January to March 1961
I flunked typing in high school so it made sense that the Army
assigned me to the Signal Corps as a Teletypewriter Operator at Fort Gordon, Georgia.
So, how did I pass the typing part of the school?
It was simple. They told us
that if we couldn’t pass the typing test that we would be sent to Pole Climbing School as linemen. To emphasize this graphic picture, they would march us through the Pole Climbing School so we could watch the
When I finished the Teletype Operator School, I was typing like 60
words per minute.
March - September 1961
Redstone Arsenal Communications Center- Teletype Operator.
It was an Army-modified REDSTONE that provided the initial
boost for America’s first manned space flight of Commander Alan B. Shepard. An Army-modified REDSTONE also served as the booster for the Mercury flight of Virgil “Gus” Grissom in July of that same year.
September 1961 - November 20, 1963
Handling and controlling communications traffic and encryption (which is the process of converting ordinary information called plaintext into unintelligible gibberish) while assigned to 999th
Signal Company (Spt), 25th Infantry Division, Helemano Military Reservation, Hawaii and Naha Port, Okinawa; 9th Logistical Command (The 9th Logistical Command was deployed to Thailand to provide assistance in civil construction, and later became the logistical support element for Joint Task Force 116 to counter conflict in the Southeast Asia area the 999th provided communications support). United States Army Communications Center Ryukyu Islands, Okinawa. And Fort Devens Communication Center, Massachusetts.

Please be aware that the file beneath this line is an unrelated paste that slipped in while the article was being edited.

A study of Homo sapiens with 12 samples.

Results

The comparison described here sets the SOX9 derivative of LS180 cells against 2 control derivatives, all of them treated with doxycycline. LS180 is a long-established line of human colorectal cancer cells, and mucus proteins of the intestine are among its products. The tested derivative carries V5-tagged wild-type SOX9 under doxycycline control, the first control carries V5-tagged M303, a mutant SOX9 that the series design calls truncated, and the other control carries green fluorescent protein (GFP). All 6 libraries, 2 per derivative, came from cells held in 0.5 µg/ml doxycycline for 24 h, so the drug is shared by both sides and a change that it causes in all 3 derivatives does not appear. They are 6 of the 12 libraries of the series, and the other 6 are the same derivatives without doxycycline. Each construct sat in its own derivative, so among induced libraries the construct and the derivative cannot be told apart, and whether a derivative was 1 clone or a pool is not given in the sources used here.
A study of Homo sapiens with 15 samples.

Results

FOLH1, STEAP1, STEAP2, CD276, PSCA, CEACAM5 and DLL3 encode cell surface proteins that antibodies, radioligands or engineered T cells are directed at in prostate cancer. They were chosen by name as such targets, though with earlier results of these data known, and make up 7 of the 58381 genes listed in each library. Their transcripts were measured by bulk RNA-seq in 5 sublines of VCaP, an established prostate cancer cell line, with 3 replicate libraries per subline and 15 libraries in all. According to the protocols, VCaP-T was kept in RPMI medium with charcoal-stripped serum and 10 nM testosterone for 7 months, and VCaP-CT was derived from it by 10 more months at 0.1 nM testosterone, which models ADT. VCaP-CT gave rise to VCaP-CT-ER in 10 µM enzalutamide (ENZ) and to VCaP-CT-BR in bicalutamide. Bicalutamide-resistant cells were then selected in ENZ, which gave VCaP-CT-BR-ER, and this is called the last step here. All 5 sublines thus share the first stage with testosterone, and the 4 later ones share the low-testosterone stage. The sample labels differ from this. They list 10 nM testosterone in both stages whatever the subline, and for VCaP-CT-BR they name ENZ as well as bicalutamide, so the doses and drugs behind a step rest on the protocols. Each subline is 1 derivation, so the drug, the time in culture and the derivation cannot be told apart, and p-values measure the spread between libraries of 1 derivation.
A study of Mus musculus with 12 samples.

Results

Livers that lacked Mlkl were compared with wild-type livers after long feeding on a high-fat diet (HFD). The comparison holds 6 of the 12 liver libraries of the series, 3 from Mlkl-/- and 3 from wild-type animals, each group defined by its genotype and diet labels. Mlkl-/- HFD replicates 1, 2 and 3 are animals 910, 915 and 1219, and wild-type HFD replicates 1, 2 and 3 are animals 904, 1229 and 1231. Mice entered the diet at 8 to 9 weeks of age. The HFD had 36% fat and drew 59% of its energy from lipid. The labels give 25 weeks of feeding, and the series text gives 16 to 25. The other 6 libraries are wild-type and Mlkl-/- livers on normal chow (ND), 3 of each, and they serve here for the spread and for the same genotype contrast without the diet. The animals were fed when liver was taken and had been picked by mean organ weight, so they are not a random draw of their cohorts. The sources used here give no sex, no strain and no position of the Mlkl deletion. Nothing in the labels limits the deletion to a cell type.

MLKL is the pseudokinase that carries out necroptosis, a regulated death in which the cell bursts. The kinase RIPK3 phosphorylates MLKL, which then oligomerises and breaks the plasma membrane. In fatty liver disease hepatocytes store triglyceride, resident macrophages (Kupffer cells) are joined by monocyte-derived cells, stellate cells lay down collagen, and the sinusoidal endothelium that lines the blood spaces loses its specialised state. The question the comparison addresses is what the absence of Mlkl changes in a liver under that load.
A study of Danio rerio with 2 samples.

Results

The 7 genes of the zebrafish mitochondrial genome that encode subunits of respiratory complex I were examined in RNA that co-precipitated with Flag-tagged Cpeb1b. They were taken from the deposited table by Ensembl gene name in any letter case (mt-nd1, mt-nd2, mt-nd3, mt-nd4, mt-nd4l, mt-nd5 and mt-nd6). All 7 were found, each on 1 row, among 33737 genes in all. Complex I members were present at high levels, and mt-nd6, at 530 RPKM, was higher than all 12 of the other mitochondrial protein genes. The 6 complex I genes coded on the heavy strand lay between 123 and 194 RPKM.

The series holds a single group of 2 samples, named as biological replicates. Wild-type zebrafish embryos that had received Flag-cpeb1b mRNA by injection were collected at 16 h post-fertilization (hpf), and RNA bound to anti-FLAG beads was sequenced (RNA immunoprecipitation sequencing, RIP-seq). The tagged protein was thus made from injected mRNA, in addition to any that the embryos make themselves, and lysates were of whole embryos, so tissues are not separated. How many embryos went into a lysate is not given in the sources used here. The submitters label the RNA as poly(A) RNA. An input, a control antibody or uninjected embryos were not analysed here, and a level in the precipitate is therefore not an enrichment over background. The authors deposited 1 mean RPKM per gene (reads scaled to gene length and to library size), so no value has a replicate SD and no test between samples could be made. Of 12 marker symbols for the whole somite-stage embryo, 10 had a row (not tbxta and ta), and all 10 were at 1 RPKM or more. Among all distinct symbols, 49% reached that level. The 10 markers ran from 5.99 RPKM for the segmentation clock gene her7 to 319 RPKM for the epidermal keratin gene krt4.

Separated on November 20, 1963 The end of my
first tour of duty
November 21, 1960 to November 20, 1963
Communications Center Specialist 36 months, Sp4 (E-4)
(Although printing news, messages, and other text at a distance are still universal, the dedicated teleprinter tied to a pair of leased copper wires was made functionally obsolete by the fax, personal computer, inkjet printer, broadband, and the Internet.)